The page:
An ESPN commentator Jemele Hill, who co-hosts the 6pm hour of SportsCenter has been slammed for comparing police officers to the ‘slave patrols’, that enforced discipline on pre-Civil War plantations.
The remarks were made on Twitter, Hill was lamenting that Kaepernick, who has struggled to find a new contract after making repeated headlines for his protests against the treatment of non-whites, had not been signed by the Baltimore Ravens.
On her Twitter account, Hill wrote, “Oh and ICYMI, the Ravens signed a dude who quit football to be a realtor and played in 2 games in college over a Super Bowl QB”.
User Nathanael Johnson offered a possible reason for the Raven’s decision.
“I feel like it’s been forgotten that he basically called (all) cops “slave patrol” a month ago. I mean, that’s pretty inflammatory.”
“Inflammatory, but historically accurate,” Hill responded to Johnson’s comment.
Johnson replied: “There’s historical truth there, yes … but is it fair to say now to all the cops, esp when many minorities serve?”
“I wouldn’t say all, but it’s been clear for a long time the policing & judicial system are institutionally racist,” Hill wrote.
Kaepernick has struggled to find a team willing to take a chance on him after he was demoted by the 49ers to backup status in 2016 for his refusal to stand during the national anthem. She took to Twitter to remind everyone that Kaepernick is being blacklisted because of his pro-black, anti-police brutality stance. And she signaled out the Baltimore Ravens as evidence of this. The team just signed former Arena Football League quarterback David Olson instead of giving Kaepernick a shot.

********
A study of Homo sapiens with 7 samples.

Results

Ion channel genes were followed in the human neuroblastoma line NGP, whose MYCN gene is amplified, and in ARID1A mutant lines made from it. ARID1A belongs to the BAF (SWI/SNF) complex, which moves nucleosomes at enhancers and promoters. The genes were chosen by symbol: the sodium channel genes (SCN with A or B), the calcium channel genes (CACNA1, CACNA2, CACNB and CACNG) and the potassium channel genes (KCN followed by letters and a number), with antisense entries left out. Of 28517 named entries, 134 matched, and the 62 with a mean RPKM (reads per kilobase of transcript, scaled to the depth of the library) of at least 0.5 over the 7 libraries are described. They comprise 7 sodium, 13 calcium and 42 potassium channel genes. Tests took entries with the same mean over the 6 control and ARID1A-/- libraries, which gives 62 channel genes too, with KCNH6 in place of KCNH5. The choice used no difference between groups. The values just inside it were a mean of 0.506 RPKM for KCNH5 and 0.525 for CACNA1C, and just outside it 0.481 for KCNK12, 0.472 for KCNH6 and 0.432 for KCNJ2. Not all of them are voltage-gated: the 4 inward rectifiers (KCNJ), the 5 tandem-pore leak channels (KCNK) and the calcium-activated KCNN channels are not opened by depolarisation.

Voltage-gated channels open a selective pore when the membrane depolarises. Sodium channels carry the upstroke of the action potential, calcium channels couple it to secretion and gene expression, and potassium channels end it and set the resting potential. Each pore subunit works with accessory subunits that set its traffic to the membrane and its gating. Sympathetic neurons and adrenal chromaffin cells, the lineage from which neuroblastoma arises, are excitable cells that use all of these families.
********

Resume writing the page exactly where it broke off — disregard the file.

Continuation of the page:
Oh and ICYMI, the Ravens signed a dude who quit football to be a realtor and played
in 2 games in college over a Super Bowl QB https://t.co/t8nwfddeqV
— Jemele Hill (@jemelehill) July 28, 2017
Slave patrols called patrollers, by the slaves, were organized groups of white men who monitored and enforced discipline upon black slaves in the antebellum U.S. southern states. The slave patrols’ function was to police slaves, especially runaways and defiant slaves. They also formed river patrols to prevent escape by boat. Slave patrols were first established in South Carolina in 1704, and the idea spread throughout the colonies.